In recent years there has been a growing campaign to recognize the citizenship of trans people in Latin America. Red Latinamericana y del Caribe de Personas Trans (REDLACTRANS), a regional network of trans activists from Latin America and the Caribbean, is one of the leaders of this effort. IGLHRC, with an office and regional director located in Argentina, works closely with REDLACTRANS. Over the past year, activists from the region organized with a diverse set of issues and actions including job training initiatives, establishment of work cooperatives and, above all, campaigning for legal recognition of gender identity. Through REDLACTRANS member organizations, this work spread in the region to Argentina, Bolivia, El Salvador, Nicaragua, Paraguay, and Uruguay. In Argentina, a bill for the recognition of gender identity is currently being debated in Congress.
The International Gay and Lesbian Human Rights Commission (IGLHRC) together with REDLACTRANS and Heartland Alliance was able to support all these regional advocacy initiatives at the Organization of the American States (OAS). Last June these organizations held a meeting in San Salvador with trans representatives from El Salvador, Guatemala, Honduras, Nicaragua and Panama with the purpose of evaluating advocacy for the legal recognition of gender identity in the region.
Increasing Awareness of Trans People’s Issues at the Organization of American States
The OAS has an exemplary history in the recognition of gender identity of transgender people. Since the first participation of trans people in the OAS General Assembly in 2007 the agency has recognized gender identity of transgender people in credentialing and all its procedures, becoming the first organization in the world to do so. In 2008 an OAS resolution, condemned human rights violations based on sexual orientation or gender identity “wherever they occur, in particular the use of the death penalty on this ground, extrajudicial, summary or arbitrary executions, the practice of torture and other cruel, inhumane and degrading treatment or punishment, arbitrary arrest or detention and deprivation of economic, social and cultural rights, including the right to health.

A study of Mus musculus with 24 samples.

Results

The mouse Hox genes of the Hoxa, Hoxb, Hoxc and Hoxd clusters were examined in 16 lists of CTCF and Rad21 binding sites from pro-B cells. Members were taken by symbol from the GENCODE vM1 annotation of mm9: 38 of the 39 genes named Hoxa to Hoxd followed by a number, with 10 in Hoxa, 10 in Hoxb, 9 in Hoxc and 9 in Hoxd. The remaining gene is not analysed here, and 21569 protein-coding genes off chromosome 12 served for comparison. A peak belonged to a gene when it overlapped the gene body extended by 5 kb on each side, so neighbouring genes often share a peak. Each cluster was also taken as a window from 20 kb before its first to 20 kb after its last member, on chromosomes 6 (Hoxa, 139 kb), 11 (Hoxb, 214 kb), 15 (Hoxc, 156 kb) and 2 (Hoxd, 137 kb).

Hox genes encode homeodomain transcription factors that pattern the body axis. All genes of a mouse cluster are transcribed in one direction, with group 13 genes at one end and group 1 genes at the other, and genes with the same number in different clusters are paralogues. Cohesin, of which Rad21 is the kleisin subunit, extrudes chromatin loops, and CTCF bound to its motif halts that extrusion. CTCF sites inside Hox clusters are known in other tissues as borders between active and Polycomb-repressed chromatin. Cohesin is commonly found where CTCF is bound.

As a result of the meeting in San Salvador, we decided to advocate the Organization of American States to include gender identity in its work to achieve its human rights goal of Right to Identity. Since then, we have undertaken several initiatives to increase awareness in the system, including participating in thematic hearings at the Inter-American Commission on Human Rights.
There are several trans people’s organizations and human rights activists at the national and regional level leading these initiatives: Marcela Romero, the regional coordinator for REDLACTRANS, and IGLHRC regional coordinator, Marcelo Ferreyra, work side by side with representatives from countries including Gloria Mariño of Uruguay; Monica Hernandez of El Salvador; Nairobi Catillo of Dominican Republic; Venus Tejada of Panama; Belissa Andia of Peru; Marie Betancourt of Paraguay; Silvia Martines of Nicaragua; Paty Betancourt of Mexico; Claudia Spellmant of Honduras; Johana Ramirez of Guatemala; Rashell Erazo of Ecuador; Valentina Fiasco of Colombia; Bianca Vidal of Chile; Raiza Torriani of Bolivia; Liza Minnelli of Brazil and Claudia Pia Baudracco of Argentina. Each of these activists are leading the way to advancing human rights for trans people in Latin America and the Caribbean.
Many others who from their grassroots efforts are very important also collaborate with IGLHRC in this work within the region: Marlene Wayar; Johana Berkins; Diana Sacayan and Mauro Cabral in Argentina; Andres Ignacio Rivera; Michell Riquelme and Franco Fuica in Chile; Mia Quetzal in Belize; Natasha Jimenez in Costa Rica; Silueta X network in Equador; Marlenne Bennedeck Dumont in Dominican Republic. There are many more who join with IGLRHC in remembrance of trans people lost to us and with respect for those who deserve and must come to share in the dignity of human rights for every one, every where.